Advanced marine seismic methods: Ocean-bottom and vertical cable analyses
Carlos Rodriguez Suarez
An overview of ocean-bottom and vertical-cable seismic acquisition and processing techniques, including applications and limitations, is presented.
Shear-wave velocities for ocean-bottom marine sediments were calculated using literature data and offshore-Brazil geotechnical data. Transmission and reflection coefficients for P- and S-wave mode conversion were obtained for sea bottom and Tertiary sediment interfaces. I conclude that most S-wave data recorded on ocean-bottom cables in Tertiary sections are related to upcoming Pto S- conversions at deeper interfaces.
A 2-D seismic line (Valhall Field, Norway) and a 3-D survey (Teal South, Gulf of Mexico), both acquired using four-component (4-C) receivers placed in ocean bottom cables, are processed.
In the 2-D line, P-P reflection data recorded by hydrophone and vertical geophone components did not provide interpretable images of the reservoir region. The P-SV reflections recorded by radial geophone component gives reasonable converted-wave (P-S) images.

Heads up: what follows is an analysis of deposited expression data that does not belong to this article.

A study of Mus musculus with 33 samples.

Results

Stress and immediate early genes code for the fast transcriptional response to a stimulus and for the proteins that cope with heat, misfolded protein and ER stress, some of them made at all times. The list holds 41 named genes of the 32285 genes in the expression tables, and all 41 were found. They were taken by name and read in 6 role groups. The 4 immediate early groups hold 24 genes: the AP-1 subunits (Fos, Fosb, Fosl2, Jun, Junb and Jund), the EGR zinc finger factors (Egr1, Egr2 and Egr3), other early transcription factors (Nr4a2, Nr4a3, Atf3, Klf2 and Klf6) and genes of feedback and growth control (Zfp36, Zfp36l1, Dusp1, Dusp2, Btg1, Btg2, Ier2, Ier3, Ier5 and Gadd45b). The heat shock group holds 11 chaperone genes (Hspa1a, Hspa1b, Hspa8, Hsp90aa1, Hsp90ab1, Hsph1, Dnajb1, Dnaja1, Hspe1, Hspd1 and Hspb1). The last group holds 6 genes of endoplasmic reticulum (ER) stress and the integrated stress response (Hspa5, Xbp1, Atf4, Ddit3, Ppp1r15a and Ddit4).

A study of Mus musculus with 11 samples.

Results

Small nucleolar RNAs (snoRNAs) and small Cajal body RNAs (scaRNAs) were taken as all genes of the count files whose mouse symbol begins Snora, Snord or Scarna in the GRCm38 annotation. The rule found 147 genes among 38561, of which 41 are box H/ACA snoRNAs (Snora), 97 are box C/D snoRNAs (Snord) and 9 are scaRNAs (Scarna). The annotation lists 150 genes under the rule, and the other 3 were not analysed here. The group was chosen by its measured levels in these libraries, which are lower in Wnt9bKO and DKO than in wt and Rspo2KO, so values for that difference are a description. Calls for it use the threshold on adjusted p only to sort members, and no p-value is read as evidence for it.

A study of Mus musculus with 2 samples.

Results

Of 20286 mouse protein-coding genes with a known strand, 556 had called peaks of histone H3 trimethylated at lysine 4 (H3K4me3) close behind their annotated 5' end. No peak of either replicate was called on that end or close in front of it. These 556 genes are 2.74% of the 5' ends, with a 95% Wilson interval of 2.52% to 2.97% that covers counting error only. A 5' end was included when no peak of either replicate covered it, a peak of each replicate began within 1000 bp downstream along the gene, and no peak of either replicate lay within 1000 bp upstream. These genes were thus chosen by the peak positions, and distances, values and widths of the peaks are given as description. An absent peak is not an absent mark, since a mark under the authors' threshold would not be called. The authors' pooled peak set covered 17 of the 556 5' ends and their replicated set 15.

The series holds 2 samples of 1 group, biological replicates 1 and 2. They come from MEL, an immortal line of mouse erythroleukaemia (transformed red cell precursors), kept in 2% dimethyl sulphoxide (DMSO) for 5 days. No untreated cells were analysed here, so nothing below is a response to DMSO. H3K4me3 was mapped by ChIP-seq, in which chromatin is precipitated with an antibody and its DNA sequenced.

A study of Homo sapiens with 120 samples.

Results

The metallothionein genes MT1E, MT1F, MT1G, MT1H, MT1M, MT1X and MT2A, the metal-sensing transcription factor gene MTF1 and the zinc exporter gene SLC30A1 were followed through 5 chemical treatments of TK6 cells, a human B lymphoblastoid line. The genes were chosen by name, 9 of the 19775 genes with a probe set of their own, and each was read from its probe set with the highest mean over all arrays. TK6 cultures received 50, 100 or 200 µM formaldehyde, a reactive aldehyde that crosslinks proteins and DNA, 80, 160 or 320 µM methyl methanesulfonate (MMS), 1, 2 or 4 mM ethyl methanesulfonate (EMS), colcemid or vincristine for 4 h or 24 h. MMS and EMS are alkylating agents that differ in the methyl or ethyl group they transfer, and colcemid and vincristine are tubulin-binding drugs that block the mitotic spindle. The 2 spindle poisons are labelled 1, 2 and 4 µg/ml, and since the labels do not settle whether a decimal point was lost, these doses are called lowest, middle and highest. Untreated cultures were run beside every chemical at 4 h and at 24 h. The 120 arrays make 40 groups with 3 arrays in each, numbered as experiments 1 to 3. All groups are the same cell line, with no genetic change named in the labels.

In the 3-D survey, the best quality structural data were present on the P-P reflections recorded by the hydrophone, followed by P-P data recorded in the vertical geophone and then P-SV data recorded by radial geophone components. No significant differences were found among three methods used for cable deployment (trenched, sandbagged, and laid) in the P-P data recorded by the hydrophone; the taped system seems to give better results for P-SV data recorded on the radial component. Little compressional wave energy was found on the radial geophone component, but the vertical geophone component is contaminated with SV energy that correlated with the radial motion.
From the analysis of vertical cable geometry, it was found that using a single vertical cable attached to the sea floor, good fold and lateral coverage can be obtained with the use of a reasonable number of receivers per cable and densely spaced surface shot points. However, poor offset and azimuth distribution per bin occurs. When several cables are used fold, offset and azimuth distribution can be improved with optimised cable positioning. Expressions relating coverage with seismic acquisition parameters and water depth were empirically derived; these expressions may give preliminary parameters for vertical cable survey design.